Imagine waking up to find your Facebook account hacked, with cybercriminals having spent over $250,000 on ads for an online gambling site, all in just one weekend. Shockingly, the responsibility for the losses doesn’t fall on Facebook, the bank, or the credit card company. The CEO of a highly successful marketing firm had to bear the full brunt of this financial hit, as they lacked the necessary cybercrime or fraud insurance to cover such incidents. Facebook’s stance was that no fraud had occurred since the hackers used valid login credentials, emphasizing that it’s your responsibility to safeguard your personal information.
In addition to the financial blow, the firm had to rebuild its hard-earned Facebook audience from scratch, which took them years initially. Ultimately, this ordeal will cost them nearly half a million dollars.
Another company experienced a similar nightmare when they discovered their ads paused on Facebook. What seemed like a glitch at first turned out to be a hack. The perpetrators paused legitimate ads and set up 20 new ads promoting a weight-loss spam site, with a daily budget of $143,000, totaling $2.8 million. While they didn’t manage to spend the entire amount, the high budget set triggered Facebook’s algorithms to run the ads rapidly.
As the company attempted to pause the campaigns, the hackers reactivated them in real time. After a frantic battle, they identified the compromised account and removed it. Unfortunately, Facebook refused to reimburse them for the lost funds, and their account was shut down, erasing all campaigns. Although they mitigated their damages to around $4,000 by acting swiftly, their account couldn’t run ads for two weeks, resulting in lost revenue. Their overall estimated losses ranged from $40,000 to $50,000.
Considering these real-life scenarios (with company names withheld for privacy reasons), some may argue that someone other than the victims should shoulder the responsibility and cover the losses. However, the truth remains straightforward: if you allow your online accounts to be compromised due to weak passwords, password reuse, lack of multifactor authentication (MFA), poor email security, or malware infecting your devices due to inadequate cybersecurity, the responsibility for the breach ultimately rests with you.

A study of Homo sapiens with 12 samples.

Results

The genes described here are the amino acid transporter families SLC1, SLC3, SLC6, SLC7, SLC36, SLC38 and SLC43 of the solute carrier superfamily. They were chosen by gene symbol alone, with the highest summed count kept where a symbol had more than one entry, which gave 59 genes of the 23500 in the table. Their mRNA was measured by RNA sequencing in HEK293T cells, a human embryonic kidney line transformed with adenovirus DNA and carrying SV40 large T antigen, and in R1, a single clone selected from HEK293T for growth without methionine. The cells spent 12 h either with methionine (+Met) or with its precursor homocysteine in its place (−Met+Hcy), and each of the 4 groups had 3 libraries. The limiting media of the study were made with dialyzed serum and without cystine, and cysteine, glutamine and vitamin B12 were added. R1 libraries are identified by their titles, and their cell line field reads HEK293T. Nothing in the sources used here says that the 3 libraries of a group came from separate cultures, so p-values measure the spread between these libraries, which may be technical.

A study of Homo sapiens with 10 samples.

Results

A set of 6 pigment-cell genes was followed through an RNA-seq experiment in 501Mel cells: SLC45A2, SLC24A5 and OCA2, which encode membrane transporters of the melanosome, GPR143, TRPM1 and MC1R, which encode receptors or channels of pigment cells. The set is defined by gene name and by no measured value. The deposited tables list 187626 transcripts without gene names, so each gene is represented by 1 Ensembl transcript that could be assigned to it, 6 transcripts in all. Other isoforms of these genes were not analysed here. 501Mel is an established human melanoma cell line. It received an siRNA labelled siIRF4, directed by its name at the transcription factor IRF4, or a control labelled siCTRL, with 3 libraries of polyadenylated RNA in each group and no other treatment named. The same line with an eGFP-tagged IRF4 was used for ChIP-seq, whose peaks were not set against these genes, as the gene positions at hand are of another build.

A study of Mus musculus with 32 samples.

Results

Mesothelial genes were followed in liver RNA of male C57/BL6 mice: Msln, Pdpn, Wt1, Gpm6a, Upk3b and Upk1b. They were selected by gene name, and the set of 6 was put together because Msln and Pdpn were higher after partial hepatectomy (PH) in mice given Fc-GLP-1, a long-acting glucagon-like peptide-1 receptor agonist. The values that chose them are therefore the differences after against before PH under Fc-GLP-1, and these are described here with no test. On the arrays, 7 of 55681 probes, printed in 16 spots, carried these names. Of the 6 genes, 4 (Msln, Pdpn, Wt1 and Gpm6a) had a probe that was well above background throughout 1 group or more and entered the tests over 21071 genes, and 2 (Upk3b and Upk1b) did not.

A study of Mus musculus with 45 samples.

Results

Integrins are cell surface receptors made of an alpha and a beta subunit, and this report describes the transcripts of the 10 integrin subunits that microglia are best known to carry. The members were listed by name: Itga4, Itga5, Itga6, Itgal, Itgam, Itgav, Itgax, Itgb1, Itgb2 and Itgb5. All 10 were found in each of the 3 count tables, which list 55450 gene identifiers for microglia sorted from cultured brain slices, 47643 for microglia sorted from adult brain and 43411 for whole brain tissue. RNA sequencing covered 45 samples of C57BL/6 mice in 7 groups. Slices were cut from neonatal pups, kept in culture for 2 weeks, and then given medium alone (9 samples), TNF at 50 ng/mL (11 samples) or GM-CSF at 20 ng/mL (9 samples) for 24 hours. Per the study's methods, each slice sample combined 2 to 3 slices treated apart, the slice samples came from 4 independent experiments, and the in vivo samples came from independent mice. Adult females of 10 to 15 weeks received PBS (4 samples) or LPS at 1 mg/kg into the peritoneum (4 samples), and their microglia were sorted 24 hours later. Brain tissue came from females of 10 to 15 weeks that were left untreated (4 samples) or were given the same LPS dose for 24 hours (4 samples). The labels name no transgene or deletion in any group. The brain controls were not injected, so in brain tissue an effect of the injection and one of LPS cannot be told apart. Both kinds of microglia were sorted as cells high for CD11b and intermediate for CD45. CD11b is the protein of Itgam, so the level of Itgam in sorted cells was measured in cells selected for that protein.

Facebook is just one example of the many cloud applications businesses use, and any cloud application, no matter how secure it claims to be, can be breached if the proper credentials are compromised. It’s not the fault of the application’s security but rather a failure on the user’s part.
The best approach is to prevent hacking in the first place. Here’s what you should do to protect yourself:
- Share this article with your staff to raise awareness about these scams. The overconfidence that “nobody would want to hack me” is cybercriminals’ most significant advantage, so remain cautious.
- Create strong, unique passwords for each application, and use a reliable password management tool to manage them effectively.
- Limit the number of users accessing any account; remove users promptly when access is no longer needed to reduce the risk of a breach.
- Ensure that all devices connecting to your network are secure, as keylogger malware can reside on devices and steal sensitive data and credentials.
To assess and protect your organization’s security from known threats, request a free Cyber Security Risk Assessment at https://ibsre.com/connect-with-ibs/. If you haven’t had an independent third party conduct this audit in the last six months, it’s overdue. This assessment is entirely confidential and comes with no obligation. Small business owners who neglect to “check the locks” on their IT systems are the most vulnerable in a world filled with evolving threats. Claim your complimentary Risk Assessment today to secure your organization effectively.